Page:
A Master of Fine Arts (M.F.A.) Degree Vs. a Doctorate

by Kate Prudchenko, Demand Media Google

Students who are interested in pursuing graduate studies in the creative industries such as writing, painting, graphic design and photography have many degree options, two of which are Master of Fine Arts and Doctor of Philosophy. Master of Fine Arts used to be the terminal degree for students interested in the creative industries. However, now many universities also offer doctorates in these fields. Graduates of both degree programs pursue a variety of creative careers in art, screenwriting, graphic arts, freelance writing and university teaching.

Master of Fine Arts

Master of Fine Arts programs are typically offered by departments of fine arts, communications and English/creative writing. These programs take approximately two to three years and require students to complete 60 to 72 credits of graduate coursework. All Master of Fine Arts programs require students to have bachelor's degrees prior to enrollment, and most require prospective applicants to submit portfolios of their work. While many prospective Master of Fine Arts students also have undergraduate degrees in their specializations, such as writing, ceramics and photography, specific undergraduate majors are not required, and acceptance decisions are typically made on the quality of a student's portfolio.

Master of Fine Arts Curriculum

Master of Fine Arts curricula vary tremendously across departments and universities. However, many operate on the studio/workshop model. For example, students interested in creative writing may take courses in fiction, nonfiction and poetry writing, where they will produce and present their work, receive feedback and submit revisions to the class. All Master of Fine Arts programs focus on developing the student as an artist and, therefore, emphasize the importance of producing creative works. At the end of the program, students typically submit graduate portfolios of work created in the program.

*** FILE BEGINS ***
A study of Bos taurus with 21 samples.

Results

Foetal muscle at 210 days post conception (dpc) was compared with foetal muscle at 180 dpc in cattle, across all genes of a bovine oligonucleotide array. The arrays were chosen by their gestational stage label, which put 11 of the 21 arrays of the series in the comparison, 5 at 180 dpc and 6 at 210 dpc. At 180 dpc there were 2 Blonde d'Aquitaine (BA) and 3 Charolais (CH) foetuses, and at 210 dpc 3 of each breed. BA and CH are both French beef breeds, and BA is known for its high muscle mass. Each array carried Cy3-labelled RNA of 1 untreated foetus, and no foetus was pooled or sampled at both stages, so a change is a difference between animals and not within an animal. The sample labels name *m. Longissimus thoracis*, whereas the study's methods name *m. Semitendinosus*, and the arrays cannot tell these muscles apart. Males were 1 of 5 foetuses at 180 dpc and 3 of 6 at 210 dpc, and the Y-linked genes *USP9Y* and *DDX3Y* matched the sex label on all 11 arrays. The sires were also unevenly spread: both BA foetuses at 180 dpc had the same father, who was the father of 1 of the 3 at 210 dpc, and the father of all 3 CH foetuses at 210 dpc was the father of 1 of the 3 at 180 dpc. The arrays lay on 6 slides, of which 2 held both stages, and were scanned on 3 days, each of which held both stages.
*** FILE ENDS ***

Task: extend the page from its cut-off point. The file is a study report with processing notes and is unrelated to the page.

Traditionally, doctorate degrees were only available in fields such as English, chemistry and anthropology. However, these degrees are also now available in creative fields like writing and the arts. Doctorates in creative industries consist of a combination of studio/workshop courses and creative research, and take approximately four to five years to complete. Many students enter these programs after completing their Master of Fine Arts degree to get additional experience in creating and teaching their chosen art form. All doctorate programs require students to have their bachelor's degree prior to enrollment, and many also require students to have a master's degree.

Doctorate Curriculum

Traditionally, doctoral programs teach students how to conduct independent research in a particular field of study. Doctoral degree programs in creative arts also emphasize the importance of research. After taking one or two years of studio courses similar to those offered by a Master of Fine Arts program, students devote the rest of the time to independent creative research. Most programs require students to complete a large work, such as a novel, a collection of short stories or an art exhibit, as well as a dissertation that explains the inspiration and the creation of the work.

About the Author

Kate Prudchenko has been a writer and editor for five years, publishing peer-reviewed articles, essays, and book chapters in a variety of publications including Immersive Environments: Future Trends in Education and Contemporary Literary Review India. She has a BA and MS in Mathematics, MA in English/Writing, and is completing a PhD in Education.